What is a White Collar Lawyer?

  • Edited By: E. E. Hubbard
  • Last Modified Date: 04 January 2020

The term "white collar crime" has become part of most people's vocabulary, although it is not actually a legal term. The term was coined in the 1930s by a professor doing research into criminology. The term got its name as a result of the type of person who typically committed the crimes—at that time, a professional male typically went to work in a suit and tie with a white-collared shirt.

When a person commits one of the crimes considered to be a white collar crime, he or she typically retains the services of a white collar lawyer. Although these crimes are often financial crimes, they are crimes nonetheless. Most crimes committed by white collar criminals carry possible terms of incarceration as penalties. The majority of crimes that are referred to as white collar crimes are actually felonies which carry higher possible fines and lengths of incarceration than misdemeanor crimes.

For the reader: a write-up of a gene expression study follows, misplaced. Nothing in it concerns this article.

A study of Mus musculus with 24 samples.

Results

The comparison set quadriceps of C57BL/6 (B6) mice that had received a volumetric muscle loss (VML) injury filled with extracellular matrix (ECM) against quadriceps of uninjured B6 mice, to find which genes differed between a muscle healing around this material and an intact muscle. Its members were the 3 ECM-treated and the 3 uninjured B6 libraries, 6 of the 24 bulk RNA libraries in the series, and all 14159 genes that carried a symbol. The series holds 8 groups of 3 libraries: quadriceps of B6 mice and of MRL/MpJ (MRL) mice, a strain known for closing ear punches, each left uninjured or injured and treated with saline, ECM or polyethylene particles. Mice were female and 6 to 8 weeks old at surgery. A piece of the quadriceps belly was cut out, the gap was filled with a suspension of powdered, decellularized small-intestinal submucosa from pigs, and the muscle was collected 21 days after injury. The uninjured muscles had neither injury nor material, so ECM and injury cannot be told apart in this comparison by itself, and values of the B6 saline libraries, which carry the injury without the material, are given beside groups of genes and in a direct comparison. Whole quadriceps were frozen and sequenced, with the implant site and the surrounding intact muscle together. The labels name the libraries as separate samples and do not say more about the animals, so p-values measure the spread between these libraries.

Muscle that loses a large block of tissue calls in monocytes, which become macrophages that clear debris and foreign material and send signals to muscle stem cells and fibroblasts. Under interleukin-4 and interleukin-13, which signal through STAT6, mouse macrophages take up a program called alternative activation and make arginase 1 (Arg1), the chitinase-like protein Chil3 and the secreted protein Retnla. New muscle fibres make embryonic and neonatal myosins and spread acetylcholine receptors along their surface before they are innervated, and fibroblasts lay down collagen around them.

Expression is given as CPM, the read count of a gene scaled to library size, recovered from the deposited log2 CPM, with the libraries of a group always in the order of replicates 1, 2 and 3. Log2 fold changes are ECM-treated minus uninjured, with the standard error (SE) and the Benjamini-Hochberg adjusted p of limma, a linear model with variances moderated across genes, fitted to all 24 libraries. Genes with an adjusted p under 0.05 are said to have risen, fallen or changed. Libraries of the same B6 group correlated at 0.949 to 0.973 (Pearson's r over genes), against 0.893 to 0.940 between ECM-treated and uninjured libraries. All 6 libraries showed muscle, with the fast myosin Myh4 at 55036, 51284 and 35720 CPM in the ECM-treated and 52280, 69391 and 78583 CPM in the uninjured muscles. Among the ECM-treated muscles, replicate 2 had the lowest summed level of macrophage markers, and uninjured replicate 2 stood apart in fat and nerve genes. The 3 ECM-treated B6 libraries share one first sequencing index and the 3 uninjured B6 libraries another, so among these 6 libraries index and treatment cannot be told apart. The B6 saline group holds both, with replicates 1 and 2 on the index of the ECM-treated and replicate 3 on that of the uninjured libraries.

The tactics and defenses that a white collar lawyer may employ are essentially the same as he or she would use for any other crime. First, a white collar lawyer will look at whether or not the prosecution is actually able to prove that his or her client committed the crime. Within the United States, the prosecution has the burden of proving the defendant's guilt beyond a reasonable doubt. As many of these crimes involve lengthy and complicated financial records, it may be difficult for the prosecution to meet its burden of proof beyond a reasonable doubt.

If it becomes clear that a white collar lawyer cannot prevent the prosecution from convicting his or her client, then negotiating a plea agreement will become the focus. Many people who commit white collar crimes have no previous criminal history. In fact, in many cases the defendant is a highly-educated and well-respected member of the community, which can go a long way in helping his or her lawyer during plea negotiations. One argument a white collar lawyer will likely make is that allowing the defendant to complete a term of probation in lieu of incarceration will ultimately benefit the victims of the crime, as the defendant will be able to continue working and, therefore, will be able to pay fines or restitution to the victims.